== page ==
Last week, a High Court judge threw out a challenge to a neighbourhood plan that proposes limiting developments to no more than 30 homes.
Barratt Homes and Wainhomes Developments had launched a judicial review against the decision by Cheshire West and Chester Borough Council to allow the Tattenhall Neighbourhood Plan to be put to a local referendum.
But the judge rejected claims that the council had not complied with a European environmental assessment directive, that the plan did not comply with national and local policy, and that the inspector which approved the plan had been biased.
Louise Hilder, principal planning officer at the council, helped develop the plan.
When did you first get involved with the neighbourhood plan?
I started working on the plan about a year ago, but the council had been involved with preparing the plan since 2011. At the time, the plan’s steering group was making final amendments before submission to the council. My brief was to make sure everything was in place for submission, and that the sustainability appraisal was up to date.
What happened after the plan was submitted?
The plan was submitted in May 2013. I was in charge with another colleague of running the publicity stages – we published the plan and associated documents online and ran a consultation on the proposals.
How did you appoint an examiner for the plans?
I set up the process to appoint the examiner. We used the Neighbourhood Planning Independent Examiner Referral Service and filled out a project brief with details of the plan requiring examination, along with the attributes and qualifications the examiner would need. NPIERS then provided a list of four names with references and CVs, from which we determined which one we wanted to use.
What work did you have to do for the examination?
I appeared at a half-day hearing the examiner held in August 2013. We were responsible for booking the venue and providing a programme officer to support the examiner. The plan swiftly received a favourable examiner’s report and in September the council’s executive approved the holding of a referendum.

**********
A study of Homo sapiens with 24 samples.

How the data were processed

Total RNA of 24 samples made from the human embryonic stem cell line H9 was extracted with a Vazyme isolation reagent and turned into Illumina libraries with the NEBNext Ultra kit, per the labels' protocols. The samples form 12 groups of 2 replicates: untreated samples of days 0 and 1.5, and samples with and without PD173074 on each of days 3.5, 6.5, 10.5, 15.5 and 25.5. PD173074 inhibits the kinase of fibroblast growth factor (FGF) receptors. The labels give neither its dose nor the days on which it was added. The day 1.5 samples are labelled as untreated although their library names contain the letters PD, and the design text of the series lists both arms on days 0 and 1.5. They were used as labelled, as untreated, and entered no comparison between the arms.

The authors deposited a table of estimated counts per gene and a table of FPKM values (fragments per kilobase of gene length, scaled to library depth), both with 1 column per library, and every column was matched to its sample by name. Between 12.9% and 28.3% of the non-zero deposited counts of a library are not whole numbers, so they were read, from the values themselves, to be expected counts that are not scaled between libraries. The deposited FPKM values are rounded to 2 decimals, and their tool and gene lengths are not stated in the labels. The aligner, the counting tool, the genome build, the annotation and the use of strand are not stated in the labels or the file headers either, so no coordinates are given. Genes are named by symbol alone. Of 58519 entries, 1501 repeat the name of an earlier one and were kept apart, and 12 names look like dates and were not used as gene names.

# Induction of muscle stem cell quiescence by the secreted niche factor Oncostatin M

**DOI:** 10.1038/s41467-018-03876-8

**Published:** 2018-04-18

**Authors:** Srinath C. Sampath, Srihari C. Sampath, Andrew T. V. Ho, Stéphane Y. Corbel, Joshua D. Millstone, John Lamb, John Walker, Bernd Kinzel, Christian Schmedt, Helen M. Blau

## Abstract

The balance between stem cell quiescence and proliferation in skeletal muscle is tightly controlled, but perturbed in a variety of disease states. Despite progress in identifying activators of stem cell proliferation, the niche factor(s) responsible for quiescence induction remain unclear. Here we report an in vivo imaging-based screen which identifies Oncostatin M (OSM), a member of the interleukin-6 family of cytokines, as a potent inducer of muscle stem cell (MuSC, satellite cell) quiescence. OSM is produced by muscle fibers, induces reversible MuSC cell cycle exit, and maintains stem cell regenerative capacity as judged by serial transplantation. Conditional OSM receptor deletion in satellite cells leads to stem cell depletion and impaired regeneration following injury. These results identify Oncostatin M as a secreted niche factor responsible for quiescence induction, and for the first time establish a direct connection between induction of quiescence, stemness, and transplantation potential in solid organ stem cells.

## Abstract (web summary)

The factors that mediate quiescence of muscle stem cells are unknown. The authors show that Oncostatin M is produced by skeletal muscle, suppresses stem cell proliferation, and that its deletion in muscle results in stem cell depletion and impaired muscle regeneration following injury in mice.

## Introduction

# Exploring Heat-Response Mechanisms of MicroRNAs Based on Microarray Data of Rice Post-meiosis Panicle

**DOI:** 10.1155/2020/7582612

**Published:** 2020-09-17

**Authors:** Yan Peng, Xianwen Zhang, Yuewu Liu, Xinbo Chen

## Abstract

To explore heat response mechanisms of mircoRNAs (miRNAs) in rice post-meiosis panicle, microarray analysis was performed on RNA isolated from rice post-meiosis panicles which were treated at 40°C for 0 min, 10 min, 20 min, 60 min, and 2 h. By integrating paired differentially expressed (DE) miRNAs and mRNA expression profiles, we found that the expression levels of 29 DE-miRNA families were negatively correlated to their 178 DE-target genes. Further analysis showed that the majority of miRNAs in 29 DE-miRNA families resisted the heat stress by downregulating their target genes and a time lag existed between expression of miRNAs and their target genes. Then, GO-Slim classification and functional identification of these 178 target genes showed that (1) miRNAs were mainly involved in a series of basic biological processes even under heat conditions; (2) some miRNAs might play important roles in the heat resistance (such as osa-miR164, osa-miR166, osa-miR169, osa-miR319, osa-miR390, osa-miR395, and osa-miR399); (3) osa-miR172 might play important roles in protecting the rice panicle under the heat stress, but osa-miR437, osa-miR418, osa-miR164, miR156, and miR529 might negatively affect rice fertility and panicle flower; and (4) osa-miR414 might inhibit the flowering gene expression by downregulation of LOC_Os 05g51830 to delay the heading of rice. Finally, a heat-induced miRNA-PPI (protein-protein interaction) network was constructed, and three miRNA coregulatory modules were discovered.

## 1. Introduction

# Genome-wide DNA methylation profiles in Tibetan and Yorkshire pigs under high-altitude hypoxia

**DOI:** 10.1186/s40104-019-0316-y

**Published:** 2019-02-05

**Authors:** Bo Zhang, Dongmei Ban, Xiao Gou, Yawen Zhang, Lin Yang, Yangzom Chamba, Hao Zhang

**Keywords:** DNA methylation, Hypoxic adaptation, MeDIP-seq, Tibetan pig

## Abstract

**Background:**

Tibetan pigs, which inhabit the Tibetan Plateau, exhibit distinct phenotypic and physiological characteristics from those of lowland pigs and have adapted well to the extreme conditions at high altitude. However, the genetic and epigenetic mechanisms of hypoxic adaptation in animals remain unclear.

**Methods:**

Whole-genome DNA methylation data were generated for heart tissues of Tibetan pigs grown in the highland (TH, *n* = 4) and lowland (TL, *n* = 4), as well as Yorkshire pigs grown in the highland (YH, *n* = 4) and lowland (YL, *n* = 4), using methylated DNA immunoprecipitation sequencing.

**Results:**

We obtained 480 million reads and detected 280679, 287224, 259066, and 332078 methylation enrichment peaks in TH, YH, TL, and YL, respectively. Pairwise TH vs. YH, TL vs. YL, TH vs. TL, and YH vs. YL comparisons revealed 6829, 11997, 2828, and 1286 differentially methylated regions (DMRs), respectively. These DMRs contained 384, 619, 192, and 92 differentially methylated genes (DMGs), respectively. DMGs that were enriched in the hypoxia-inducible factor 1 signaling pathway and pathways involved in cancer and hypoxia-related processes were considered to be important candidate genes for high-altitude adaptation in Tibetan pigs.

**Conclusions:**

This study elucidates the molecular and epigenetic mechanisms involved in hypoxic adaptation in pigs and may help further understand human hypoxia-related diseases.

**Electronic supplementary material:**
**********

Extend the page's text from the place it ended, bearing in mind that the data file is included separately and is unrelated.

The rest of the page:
What happened then?
Two housebuilders promoting sites on the edge of Tattenhall were not happy with the decision to proceed to referendum and lodged a high court challenge against the council’s decision. Initially they tried to get an injunction stopping the referendum but instead the council agreed not to ‘make’ the plan until judicial review proceedings had ended. The referendum, held in October, saw a 96 per cent vote in favour of the plan being used to help decide planning applications in the area.
What work did you have to do for the court case?
The High Court heard the case in March. I prepared a witness statement on the process the plan had gone through in preparation, the sustainability appraisal and the appointment of the examiner. All of the evidence was paper-based and QCs for the claimants and defence presented the evidence to the judge. Last week we heard that the court had ruled in our favour.
What happens next?
The judicial review judgement will now be reported back to the council’s executive, which will be requested to formally ‘make’ the plan to sit alongside the local plan to guide future development decisions in the area.